The Rams loss to Seattle spoke volumes—about a winning Rams team that shows no resemblance to the past ten years.
As the whistle sounded at the end of the game between the Seattle Seahawks and Los Angeles Rams game on Oct. 8, I sat in my seat in the Coliseum, staring expressionlessly as the crowds poured out. The place had been rocking as the Rams drove down for a game-winning touchdown with eight seconds left. Fan attendance was way up for this matchup. And they blew it. Mistakes. Unable to score. Penalties. Of course, I’d witnessed this many times before—both here at the Coliseum and watching them in St. Louis.
Sure, they are young and everything is new. Bad game. But this?
- Four fumbles (three lost)
- Two interceptions
- Todd Gurley: 43 yards rushing
- Sammy Watkins no catches
- 10 points total
Even Greg Zuerlein missed a field goal.
Los Angeles had started so well. Like last year, under Fisher. After the fourth game in 2016, they were 3-1, then lost the rest of the games save one. Here they were again, after being 3-1, losing. Were they on their way to another 4-12 season? Love attendance, lackluster play, and the constant shooting-ourselves-in-the-foot?
So I sat, watching the historic and massive Coliseum empty out, as the green and blue celebrated and the yellow and blue hung their heads (I sit on the visitors’ side, and though Rams fans were well-represented in my section, there were more ‘Hawks fans than one would want at home game). There are still a lot of Pete Carroll fans from his USC coaching days, played in this same stadium.
As I waited, I began researching the stats of the game and watching replays on my iPhone. Interesting. What was this?
Slowly, it became as clear as the Southern California afternoon sky, these are not the same Rams of last year, or, indeed, of the last 10+ years.
There was no way this team was going 4-12. They have a good chance of a winning season for the first time since 2003. Might fans even whisper “playoffs?”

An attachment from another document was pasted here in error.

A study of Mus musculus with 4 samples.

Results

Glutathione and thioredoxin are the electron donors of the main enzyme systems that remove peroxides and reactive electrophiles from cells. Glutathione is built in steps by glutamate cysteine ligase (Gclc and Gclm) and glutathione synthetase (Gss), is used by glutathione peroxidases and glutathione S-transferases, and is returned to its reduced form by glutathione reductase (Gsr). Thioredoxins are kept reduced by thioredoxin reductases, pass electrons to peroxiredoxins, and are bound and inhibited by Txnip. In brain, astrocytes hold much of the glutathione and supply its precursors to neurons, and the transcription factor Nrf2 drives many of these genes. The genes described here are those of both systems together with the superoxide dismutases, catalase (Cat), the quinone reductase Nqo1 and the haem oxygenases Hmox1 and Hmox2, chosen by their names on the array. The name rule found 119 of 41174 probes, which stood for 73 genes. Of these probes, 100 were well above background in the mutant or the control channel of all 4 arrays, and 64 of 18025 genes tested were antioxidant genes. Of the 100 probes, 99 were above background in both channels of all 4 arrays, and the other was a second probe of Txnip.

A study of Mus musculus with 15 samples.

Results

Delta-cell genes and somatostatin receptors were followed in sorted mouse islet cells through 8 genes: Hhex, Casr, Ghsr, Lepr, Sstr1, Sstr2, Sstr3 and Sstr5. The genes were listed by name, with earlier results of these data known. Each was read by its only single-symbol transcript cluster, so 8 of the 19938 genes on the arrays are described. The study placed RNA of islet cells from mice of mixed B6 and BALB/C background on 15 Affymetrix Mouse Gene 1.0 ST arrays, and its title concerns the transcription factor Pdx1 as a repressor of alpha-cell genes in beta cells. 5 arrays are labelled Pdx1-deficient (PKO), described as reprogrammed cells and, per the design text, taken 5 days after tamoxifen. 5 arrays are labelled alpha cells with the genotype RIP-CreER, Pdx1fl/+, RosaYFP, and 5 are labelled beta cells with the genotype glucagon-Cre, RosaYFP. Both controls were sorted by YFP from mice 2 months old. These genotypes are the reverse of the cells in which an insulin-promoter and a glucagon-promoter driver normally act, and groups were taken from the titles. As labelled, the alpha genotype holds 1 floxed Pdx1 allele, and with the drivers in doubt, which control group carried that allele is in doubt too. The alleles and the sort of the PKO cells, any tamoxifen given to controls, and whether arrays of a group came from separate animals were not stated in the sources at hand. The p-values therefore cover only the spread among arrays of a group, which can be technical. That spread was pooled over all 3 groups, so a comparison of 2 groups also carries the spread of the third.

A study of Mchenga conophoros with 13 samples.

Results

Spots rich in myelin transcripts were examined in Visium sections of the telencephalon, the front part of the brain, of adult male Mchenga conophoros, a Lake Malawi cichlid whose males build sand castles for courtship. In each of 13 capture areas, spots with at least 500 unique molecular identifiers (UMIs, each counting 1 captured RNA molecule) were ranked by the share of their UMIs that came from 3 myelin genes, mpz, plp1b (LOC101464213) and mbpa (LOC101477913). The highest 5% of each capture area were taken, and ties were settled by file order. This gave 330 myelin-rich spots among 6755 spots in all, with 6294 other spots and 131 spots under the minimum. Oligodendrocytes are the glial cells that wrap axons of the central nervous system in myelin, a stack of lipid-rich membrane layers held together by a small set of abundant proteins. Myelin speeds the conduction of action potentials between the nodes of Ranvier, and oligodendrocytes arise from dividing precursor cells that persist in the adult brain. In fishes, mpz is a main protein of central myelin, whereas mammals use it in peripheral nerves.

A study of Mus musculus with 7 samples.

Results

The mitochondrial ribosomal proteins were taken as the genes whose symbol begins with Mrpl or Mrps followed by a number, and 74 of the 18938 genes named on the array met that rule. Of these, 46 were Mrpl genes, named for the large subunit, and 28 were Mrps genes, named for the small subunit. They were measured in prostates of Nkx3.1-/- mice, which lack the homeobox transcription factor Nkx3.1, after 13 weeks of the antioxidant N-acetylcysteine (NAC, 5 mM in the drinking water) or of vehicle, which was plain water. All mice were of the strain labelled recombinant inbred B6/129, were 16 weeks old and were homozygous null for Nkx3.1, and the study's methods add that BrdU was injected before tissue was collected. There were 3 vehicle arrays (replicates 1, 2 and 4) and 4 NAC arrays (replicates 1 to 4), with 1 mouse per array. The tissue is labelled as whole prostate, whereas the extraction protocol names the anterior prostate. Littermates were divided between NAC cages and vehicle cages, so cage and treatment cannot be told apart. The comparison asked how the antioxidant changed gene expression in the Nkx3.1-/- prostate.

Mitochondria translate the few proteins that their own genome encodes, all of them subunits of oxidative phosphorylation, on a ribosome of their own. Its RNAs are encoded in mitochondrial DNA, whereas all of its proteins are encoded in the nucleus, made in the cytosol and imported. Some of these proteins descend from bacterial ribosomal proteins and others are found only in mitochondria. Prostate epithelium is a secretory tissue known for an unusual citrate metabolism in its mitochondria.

The defense played well and are getting better each week in Wade Phillips’ system. Russell Wilson only passed for 198 yards and was intercepted twice. The defensive constantly harassed him, and, if this was another quarterback, there would have been more than three sacks. The ‘Hawks were held to 241 total yards, only 62 yards rushing, and 16 points.
The offense moved the ball quite well. In fact, they exceeded the Seahawks total yardage by 134 yards (375 to 241). Jared Goff threw for almost 100 yards more than Wilson, and the team rushed for 100 yards (to a mere 62 by Seattle).
Third down efficiency? Also better than their opponent at 8 for 15. More first downs, more yards per play (5.3 to 3.7), more total plays. Possession was about the same, as was total drives. More sacks, fewer penalties. The Seahawks bested the Rams in completion percentage and red zone scores.
The major difference? Turnovers. Five. Two interceptions, three fumbles lost. Not only did the Rams not get into the red zone, but they gave the Seahawks a short field a number of times.
If Cooper Kupp had been able to make one of his diving catches at the end (with eight seconds left), the Rams win. If they had fumbled two fewer times, they probably win. If Zuerlein makes that one field goal and Tavon Austin does not fumble the punt (for the second time), maybe they win.
In the two games since then, the Rams have proved those observations true. They cleaned up the ball security problems. They scored in the red zone. Against the Jacksonville Jaguars, the special teams were quite special, Gurley ran for 116 yards, there was only one turnover, and, after allowing one of the league’s best rushers to explode for 75 yards on the first play, held him to 55 yards the rest of the game. The next week was even better: the defense shut out the Arizona Cardinals, shut down Adrian Peterson, and played an almost perfect game in all three phases.
McVay and his new staff have significantly changed the Rams in every way: attitude, structure, accountability, play calling, adjustments, game prep, on-field play—you name it, it has been improved. They are in every game. And they are fun to watch.
Sure, they’ll have bad games and bad moments—they are still new at this. The players will make mistakes. Goff’s inexperience may show up. Another team might execute a great game play and outwit McVay or Phillips. Since it’s not a pipe dream to consider them a playoff team, the loss to the Seahawks may come back to bite them, requiring a victory in Seattle on December 17 to win the division or even make the playoffs.
One thing is for sure: it’s worth a trip to the Coliseum to see these “new” Rams. They are fun to watch, they are the highest scoring team in the NFL, their defense is intense, and their future is bright.